CHAMBERSBURG, Pa. – Humanity was at the core of what WellSpan Chambersburg Hospital Chief Nursing Officer and Senior Vice President of Hospital Services Sherri Stahl felt during a recent mission trip to the Dominican Republic.
“I was prompted to join this trip for many reasons,” said Stahl. “First and foremost, it was good to experience something that is bigger and different than what your daily life is composed of. Secondly, using our talents and resources to assist great humanity is always the right thing to do.”
This was Stahl’s third mission trip. Her first experience came when she was a junior nursing student at Messiah College.
“I remember the profound impact that it had on me.”
As a result, she joined Wilson College for its inaugural mission trip two years ago.
“Serving humanity in a meaningful way will always be the reason for future mission trips,” she noted.
Stahl said that while the volume of work to be done was high during her January mission trip, the team environment enabled them to get everything done.
“We relied on our teamwork. It was much like it is in any busy environment; you work as a team and support one another,” she said. “This was no different – this mission work is energizing!”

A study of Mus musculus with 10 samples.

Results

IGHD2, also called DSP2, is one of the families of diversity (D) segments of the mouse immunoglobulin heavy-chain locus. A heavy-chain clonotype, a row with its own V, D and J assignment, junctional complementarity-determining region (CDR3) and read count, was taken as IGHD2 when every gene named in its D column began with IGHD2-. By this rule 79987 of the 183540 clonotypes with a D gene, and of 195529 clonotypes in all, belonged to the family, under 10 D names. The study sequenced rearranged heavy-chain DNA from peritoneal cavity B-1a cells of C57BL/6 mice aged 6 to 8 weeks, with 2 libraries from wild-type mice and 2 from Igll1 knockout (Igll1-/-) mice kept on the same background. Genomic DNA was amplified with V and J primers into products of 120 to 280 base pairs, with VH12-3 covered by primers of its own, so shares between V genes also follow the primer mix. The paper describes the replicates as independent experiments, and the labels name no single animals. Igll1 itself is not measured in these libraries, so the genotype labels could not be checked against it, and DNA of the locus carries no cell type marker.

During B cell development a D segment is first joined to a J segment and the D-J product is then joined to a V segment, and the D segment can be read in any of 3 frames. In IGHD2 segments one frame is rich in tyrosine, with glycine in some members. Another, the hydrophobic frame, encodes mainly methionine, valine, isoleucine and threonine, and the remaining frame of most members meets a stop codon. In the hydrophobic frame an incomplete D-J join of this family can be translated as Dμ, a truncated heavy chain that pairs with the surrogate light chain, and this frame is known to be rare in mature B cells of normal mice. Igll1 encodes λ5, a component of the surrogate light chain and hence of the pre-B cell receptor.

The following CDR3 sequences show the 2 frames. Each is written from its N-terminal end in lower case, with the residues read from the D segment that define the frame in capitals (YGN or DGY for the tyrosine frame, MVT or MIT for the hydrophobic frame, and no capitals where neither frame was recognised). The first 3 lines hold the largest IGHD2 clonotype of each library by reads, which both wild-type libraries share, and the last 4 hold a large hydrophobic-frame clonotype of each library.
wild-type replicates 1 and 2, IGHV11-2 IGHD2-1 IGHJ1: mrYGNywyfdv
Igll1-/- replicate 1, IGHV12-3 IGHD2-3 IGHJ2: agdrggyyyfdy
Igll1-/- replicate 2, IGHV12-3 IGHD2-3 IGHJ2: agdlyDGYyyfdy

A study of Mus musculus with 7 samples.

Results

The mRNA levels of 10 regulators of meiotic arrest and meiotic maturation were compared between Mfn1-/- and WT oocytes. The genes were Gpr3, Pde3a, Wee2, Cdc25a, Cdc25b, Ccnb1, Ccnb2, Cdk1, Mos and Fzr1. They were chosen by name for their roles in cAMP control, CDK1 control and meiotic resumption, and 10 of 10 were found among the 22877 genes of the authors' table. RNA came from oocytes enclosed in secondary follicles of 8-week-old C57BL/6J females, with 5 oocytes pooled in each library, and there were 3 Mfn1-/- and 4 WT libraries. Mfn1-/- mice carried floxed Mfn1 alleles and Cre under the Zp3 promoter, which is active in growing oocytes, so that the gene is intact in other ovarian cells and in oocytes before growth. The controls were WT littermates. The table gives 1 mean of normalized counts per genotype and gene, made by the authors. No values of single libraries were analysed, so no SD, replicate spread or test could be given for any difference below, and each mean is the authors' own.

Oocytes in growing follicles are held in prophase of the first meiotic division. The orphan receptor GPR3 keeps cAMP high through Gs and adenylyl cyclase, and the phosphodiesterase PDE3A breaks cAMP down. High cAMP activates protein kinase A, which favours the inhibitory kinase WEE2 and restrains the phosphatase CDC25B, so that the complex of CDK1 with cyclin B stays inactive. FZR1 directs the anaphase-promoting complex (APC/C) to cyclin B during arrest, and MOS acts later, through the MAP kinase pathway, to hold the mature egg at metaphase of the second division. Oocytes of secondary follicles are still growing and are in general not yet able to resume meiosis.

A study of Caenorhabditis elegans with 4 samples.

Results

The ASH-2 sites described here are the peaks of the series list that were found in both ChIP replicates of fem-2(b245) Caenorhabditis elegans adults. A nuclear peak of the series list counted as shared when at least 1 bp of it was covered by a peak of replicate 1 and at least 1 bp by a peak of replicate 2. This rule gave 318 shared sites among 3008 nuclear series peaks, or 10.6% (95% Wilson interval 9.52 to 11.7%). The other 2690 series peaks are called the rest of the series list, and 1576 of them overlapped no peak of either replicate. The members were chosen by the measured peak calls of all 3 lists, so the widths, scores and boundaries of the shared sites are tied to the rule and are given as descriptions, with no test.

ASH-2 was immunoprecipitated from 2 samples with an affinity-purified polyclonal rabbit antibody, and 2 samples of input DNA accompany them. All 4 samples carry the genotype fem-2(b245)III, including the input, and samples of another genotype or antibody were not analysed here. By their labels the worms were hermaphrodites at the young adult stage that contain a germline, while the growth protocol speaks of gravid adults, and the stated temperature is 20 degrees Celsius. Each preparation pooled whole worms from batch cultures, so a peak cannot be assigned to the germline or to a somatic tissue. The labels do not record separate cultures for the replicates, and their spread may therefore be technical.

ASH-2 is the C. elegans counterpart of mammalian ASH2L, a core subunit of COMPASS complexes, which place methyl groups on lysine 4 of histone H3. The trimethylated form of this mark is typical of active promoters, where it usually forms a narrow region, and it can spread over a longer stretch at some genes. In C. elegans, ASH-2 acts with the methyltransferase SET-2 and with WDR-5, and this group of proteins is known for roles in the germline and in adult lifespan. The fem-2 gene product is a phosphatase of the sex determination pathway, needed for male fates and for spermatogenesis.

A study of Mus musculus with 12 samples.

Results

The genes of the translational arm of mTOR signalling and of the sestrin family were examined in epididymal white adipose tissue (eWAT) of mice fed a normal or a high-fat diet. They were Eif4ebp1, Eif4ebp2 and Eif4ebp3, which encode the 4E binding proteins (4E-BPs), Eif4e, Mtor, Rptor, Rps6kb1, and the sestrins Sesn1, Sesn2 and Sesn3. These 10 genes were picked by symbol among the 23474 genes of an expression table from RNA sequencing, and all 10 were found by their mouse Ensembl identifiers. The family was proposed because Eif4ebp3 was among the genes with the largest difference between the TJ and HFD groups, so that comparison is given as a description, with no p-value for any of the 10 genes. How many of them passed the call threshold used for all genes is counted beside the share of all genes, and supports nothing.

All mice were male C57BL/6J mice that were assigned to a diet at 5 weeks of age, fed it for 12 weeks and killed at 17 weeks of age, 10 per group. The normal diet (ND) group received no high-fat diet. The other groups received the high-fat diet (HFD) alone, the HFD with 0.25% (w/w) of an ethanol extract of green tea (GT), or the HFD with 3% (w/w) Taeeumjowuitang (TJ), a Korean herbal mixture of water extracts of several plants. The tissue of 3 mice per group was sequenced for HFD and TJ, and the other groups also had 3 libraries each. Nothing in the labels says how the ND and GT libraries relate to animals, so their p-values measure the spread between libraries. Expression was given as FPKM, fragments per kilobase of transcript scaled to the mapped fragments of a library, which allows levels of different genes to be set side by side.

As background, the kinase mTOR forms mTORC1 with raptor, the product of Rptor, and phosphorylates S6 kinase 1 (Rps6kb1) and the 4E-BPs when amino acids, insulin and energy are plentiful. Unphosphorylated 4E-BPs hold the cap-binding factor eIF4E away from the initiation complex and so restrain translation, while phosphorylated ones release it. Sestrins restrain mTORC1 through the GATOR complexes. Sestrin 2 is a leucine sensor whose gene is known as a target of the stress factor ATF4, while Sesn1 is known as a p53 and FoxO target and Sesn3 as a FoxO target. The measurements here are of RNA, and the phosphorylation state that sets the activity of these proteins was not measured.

Stahl was joined on the trip by WellSpan Health employees Tashia Caldwell, Tara Harmon, Jamie Kelley, Sara Reese and Dr. Sanjay Dhar, as well as interns Elsa Schaefer and Alison Shockey.
Dr. Dhar is the medical director for clinical improvement and connected health and medical director of the stroke program at WellSpan Chambersburg Hospital and WellSpan Waynesboro Hospital.
He said it was the first mission trip he had been on – and proved to be an experience he would be part of again.
“I wanted to give back to others and set aside my own needs and wants for at least a week. It’s a great opportunity to make a difference in the lives of those that are not as fortunate as us – I would do it again.”
Dr. Dhar said that while the work was busy, it was gratifying to learn more and make a difference alongside a diverse group of people.
“That presented a great opportunity to work with others who brought varying perspectives to the trip, and to learn from them,” he said, adding, “If you have an opportunity, try to step outside your comfort zone and do something for others. You will find it very rewarding and personally enriching. It will also make you realize how fortunate you really are.”
Snapshot of the mission trip
- 350 people treated in five days.
- Each of the five days, those on the mission trip traveled to different bateyes, or settlements near sugar mills, to provide antiparasitic medications to children there, in addition to seeing patients who needed or requested medical care.
- Patients were treated for high blood pressure, malnutrition, skin issues, infections, colds and allergies.
- A pharmacy was set up each day with medications donated by WellSpan Health, Menno Haven and Keystone Health.
- The trip was organized by Wilson College.